This week’s UK Supreme Court hearing of the appeal by Pham Minh Quang (previously identified in proceedings as B2), heard important arguments about state decisions on citizenship and European Union law. Throughout the hearing, the seven British judges struggled with applying the UN Statelessness Convention concept of "a person who is not considered as a national by any state under the operation of its law" to states which disregard the rule of law and legal procedure.
We have previously explained the background to this case on deprivation of British citizenship. As the hearing began, the appellant’s lawyers accepted that Pham should not remain anonymous, no doubt because of information already in the public domain. Over the next one-and-a-half-days, the court looked into the facts of the case and debated several key issues.
Before the UK Government stripped Pham of citizenship, British diplomats had begun negotiating with the Vietnamese government about his possible deportation there. The UK did not give Vietnam Pham’s name or personal details until he was no longer a British citizen. This Vietnamese-British exchange has never been disclosed in full, even to Pham; nor have the UK reasons for not telling Vietnam about Pham until he had lost his British citizenship. Instead, that evidence was given to the Special Immigration Appeals Commission (SIAC) at secret hearings in his absence. (This sort of secrecy is usually reserved for evidence obtained by informers and surveillance.) Whatever was said in secret, it made SIAC decide that Vietnam did not consider Pham, who left the country at the age of 5, to be its citizen.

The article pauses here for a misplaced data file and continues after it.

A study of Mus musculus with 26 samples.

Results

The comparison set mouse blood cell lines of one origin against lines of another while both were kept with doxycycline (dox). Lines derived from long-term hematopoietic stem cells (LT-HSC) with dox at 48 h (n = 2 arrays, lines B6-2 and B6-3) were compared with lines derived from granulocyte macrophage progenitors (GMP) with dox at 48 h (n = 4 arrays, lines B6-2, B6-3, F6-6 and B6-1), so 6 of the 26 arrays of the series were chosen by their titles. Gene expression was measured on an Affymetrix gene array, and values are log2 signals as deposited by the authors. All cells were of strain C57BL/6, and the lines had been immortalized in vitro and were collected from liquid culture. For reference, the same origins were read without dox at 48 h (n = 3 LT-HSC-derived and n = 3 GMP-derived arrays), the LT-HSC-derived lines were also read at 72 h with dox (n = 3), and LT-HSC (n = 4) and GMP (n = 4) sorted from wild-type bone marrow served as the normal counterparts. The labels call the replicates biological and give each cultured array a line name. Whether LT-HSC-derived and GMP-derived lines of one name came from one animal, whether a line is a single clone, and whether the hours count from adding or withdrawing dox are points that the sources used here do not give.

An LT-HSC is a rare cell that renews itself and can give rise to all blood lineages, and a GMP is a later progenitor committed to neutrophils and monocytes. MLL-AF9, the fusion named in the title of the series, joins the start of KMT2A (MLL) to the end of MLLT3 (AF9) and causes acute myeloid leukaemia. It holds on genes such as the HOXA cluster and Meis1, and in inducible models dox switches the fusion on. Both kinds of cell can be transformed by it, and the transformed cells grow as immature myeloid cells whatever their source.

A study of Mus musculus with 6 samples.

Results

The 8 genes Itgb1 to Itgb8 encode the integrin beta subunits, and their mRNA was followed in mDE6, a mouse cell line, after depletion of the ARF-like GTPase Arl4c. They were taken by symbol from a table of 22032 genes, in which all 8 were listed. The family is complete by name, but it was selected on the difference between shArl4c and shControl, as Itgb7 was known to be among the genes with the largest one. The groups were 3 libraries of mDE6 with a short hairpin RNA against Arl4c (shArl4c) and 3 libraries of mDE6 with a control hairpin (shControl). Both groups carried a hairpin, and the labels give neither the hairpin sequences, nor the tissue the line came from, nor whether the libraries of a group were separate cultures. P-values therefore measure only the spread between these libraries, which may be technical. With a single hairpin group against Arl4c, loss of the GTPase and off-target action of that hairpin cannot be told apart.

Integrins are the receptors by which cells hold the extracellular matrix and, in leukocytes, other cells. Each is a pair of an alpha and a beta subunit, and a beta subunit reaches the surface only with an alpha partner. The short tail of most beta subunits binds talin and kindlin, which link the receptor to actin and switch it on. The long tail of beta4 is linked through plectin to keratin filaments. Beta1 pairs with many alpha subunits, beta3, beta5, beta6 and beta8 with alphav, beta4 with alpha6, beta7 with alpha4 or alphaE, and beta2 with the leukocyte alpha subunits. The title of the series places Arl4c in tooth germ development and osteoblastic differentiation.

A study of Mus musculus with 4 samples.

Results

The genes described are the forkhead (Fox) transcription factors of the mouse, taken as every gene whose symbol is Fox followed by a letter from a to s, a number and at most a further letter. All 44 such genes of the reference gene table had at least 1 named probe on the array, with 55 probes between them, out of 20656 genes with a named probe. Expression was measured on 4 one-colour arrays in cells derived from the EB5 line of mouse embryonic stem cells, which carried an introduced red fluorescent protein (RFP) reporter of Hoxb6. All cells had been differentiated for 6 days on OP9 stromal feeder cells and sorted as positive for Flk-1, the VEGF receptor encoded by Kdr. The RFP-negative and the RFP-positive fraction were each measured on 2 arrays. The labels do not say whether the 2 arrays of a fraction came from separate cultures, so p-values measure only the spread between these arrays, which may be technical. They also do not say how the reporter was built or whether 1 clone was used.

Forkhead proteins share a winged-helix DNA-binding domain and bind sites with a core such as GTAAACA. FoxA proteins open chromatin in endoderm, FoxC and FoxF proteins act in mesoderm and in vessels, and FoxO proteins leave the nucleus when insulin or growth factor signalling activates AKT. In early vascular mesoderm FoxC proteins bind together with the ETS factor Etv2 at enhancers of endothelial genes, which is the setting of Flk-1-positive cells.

The Court of Appeal did not disagree, but decided that an unlawful decision did not mean a person was no longer a citizen under the 1954 Statelessness Convention. The Justice Initiative’s written submissions attacked this position, pointing out that statelessness most often arises where governments do not follow their own law. We referred to the international jurisprudence that unlawful government decisions can make people stateless.
At the Supreme Court hearing, the UK government did not defend the Court of Appeal’s reasoning, but only the result. Their lawyer accepted that a denial of citizenship decision which followed a flawed procedure or interpretation of the law would generally be authoritative, and so trigger the statelessness protection of international law. The UK government argued that the Vietnamese decision about Pham was not a flawed exercise of a legal power, but had been taken outside the law, ‘without the purported exercise of any identifiable power’.
The UK said that such an extreme case does not count for statelessness purposes. The UK did not argue that ‘operation of the law’ means ‘proper operation of the law’. This narrowing of the UK position seems welcome, since states often deny citizenship by unlawful use of legal powers. But it left unclear how this should be applied to Pham’s case, given that Vietnamese law effectively gives government the final decision-making power on citizenship.
The Supreme Court was also concerned at the retrospective character of the Vietnamese government decision. What could that show about his Vietnamese nationality status before that decision was taken, in particular, at the date the UK took away his British citizenship? Pham’s lawyers argued that, just as a court decision can clarify an earlier status, so here the Vietnamese government decision clarified that Pham had lost his Vietnamese citizenship at some earlier date. The UK government suggested that the decision was, effectively, a deprivation decision. If so, since it was made after the British decision, it was Vietnam which made Pham stateless, not the UK. Of course, the UK government could have asked about Mr Pham’s Vietnamese citizenship status before the British decision to take away his nationality, but chose not to do so.
All these issues were made more complicated by the secrecy around the Vietnamese-British Government exchange, which prevented clear information about the purported basis for Vietnam’s decision.
The appeal attracted media and public attention to the issue of statelessness, with BBC coverage that included a webpage in both English and Vietnamese explaining “Who, what, why: What does it mean to be stateless?” that referred to the Rohingya of Burma, Dominicans of Haitian origin and UNHCR’s campaign to end statelessness.
The Court also debated important issues of EU law and is considering referring questions to the Court of Justice of the European Union.
Judgment was reserved until a later date.